Institutions, Public Administration and Transnational Space
Edited by Jarle Trondal
Chapter 10: Democratic effects of inter-municipal cooperation: equal effects for all?
Chapter 10 examines if the rise of new politico-administrative institutions may challenge and influence pre-existing institutions. During the 1980s, one could observe an emerging trend of inter-municipal cooperation all over Europe. To compensate for lack of size, municipalities erected cooperative arrangements, combining the resources of two or more municipalities to provide a service or solve a problem. This trend has continued, arguably with increasing strength. This chapter first defines different forms of inter-municipal cooperation and links them to their autonomy from their respective participants. Second, the chapter empirically analyzes a critical case: political cooperation between Norwegian municipalities organized in a ‘new’ and formalized organizational entity. The chapter ends with a discussion of findings. One observation made is that regional councils in Norway are only to a minor degree perceived as being democratic threats. But, this general picture must arguably be nuanced. The main reason for this is that it is often assumed, implicitly, that municipalities engaging in inter-municipal cooperation are similar.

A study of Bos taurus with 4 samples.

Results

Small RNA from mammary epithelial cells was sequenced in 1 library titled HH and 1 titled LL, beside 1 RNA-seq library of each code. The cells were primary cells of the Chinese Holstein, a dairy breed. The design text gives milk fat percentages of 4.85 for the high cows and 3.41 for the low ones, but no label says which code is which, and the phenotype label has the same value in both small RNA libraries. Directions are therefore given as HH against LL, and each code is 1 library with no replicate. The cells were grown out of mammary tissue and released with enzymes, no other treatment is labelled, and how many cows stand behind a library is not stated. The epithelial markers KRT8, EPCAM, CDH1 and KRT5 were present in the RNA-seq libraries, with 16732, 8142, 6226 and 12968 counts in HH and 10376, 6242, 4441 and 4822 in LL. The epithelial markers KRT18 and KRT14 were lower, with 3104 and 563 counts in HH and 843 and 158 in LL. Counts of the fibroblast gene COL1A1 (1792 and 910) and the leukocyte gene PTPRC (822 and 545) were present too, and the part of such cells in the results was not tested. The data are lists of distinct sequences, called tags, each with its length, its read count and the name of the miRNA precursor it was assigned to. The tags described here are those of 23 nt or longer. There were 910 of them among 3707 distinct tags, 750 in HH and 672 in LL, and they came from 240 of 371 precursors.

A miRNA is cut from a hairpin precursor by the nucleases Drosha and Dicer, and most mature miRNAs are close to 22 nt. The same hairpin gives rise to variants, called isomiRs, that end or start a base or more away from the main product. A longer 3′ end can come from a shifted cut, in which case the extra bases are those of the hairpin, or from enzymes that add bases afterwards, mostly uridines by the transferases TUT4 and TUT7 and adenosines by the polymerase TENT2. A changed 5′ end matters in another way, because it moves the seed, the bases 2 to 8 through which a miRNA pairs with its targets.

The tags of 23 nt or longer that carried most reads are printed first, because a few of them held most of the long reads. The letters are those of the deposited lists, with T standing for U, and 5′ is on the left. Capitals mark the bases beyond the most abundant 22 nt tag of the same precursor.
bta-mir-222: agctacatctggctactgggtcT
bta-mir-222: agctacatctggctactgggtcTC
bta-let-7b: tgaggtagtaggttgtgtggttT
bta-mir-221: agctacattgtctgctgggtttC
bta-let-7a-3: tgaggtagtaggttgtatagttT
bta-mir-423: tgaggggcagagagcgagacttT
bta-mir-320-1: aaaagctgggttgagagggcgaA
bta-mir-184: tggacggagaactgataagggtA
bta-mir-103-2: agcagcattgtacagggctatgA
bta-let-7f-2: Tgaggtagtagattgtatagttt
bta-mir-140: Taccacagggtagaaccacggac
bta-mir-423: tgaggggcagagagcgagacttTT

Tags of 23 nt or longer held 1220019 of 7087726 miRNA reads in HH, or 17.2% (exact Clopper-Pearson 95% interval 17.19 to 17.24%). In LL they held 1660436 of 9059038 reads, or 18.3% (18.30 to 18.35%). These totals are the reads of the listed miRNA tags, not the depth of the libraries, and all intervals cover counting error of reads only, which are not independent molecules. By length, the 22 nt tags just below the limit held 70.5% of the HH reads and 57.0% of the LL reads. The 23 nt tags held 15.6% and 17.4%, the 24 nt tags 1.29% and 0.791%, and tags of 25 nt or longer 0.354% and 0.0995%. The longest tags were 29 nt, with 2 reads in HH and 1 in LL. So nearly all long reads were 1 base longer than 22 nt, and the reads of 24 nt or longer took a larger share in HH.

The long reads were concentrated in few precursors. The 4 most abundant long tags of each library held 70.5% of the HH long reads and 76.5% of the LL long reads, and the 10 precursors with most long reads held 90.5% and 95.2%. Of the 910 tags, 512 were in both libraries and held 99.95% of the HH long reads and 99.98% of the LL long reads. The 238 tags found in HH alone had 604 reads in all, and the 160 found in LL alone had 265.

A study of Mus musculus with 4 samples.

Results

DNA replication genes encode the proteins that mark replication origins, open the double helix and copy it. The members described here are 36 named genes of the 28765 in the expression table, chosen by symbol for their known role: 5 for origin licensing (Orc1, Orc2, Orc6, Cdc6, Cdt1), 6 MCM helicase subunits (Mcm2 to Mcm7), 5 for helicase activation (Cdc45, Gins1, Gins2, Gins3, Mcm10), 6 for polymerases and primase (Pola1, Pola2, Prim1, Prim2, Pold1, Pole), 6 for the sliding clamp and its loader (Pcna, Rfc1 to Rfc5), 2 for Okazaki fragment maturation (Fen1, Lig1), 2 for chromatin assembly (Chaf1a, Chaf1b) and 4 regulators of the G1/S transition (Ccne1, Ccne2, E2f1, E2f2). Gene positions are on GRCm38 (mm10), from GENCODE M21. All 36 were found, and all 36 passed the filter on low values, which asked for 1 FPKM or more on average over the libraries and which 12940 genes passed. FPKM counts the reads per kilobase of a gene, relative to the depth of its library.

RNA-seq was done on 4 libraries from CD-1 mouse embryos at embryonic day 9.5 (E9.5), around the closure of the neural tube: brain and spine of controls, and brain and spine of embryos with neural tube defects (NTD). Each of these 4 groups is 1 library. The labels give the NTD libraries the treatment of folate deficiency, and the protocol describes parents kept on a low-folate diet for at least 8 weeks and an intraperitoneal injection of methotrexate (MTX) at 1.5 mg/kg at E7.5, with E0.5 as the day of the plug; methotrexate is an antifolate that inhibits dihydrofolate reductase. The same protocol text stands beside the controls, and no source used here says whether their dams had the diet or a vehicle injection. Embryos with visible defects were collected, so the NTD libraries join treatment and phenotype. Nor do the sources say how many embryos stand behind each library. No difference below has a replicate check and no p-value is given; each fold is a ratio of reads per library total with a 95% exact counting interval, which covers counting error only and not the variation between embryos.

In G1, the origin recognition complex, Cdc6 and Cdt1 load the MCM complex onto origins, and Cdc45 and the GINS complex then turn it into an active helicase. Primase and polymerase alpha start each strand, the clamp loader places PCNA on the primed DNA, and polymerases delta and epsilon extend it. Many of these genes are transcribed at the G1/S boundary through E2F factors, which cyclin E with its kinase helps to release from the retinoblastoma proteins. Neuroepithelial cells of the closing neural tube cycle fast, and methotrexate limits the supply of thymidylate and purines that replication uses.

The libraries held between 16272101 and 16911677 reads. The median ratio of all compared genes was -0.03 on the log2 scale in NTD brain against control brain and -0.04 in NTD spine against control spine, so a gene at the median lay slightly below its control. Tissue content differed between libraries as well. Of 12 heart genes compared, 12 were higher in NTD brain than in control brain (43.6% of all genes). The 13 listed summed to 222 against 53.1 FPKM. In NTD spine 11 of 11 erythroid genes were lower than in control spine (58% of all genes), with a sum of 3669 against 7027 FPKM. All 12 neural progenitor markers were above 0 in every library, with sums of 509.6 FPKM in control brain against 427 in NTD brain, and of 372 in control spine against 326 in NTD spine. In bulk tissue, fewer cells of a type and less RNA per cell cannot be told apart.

You are not authenticated to view the full text of this chapter or article.
Elgaronline requires a subscription or purchase to access the full text of books or journals. Please login through your library system or with your personal username and password on the homepage.
Non-subscribers can freely search the site, view abstracts/ extracts and download selected front matter and introductory chapters for personal use.
Your library may not have purchased all subject areas. If you are authenticated and think you should have access to this title, please contact your librarian.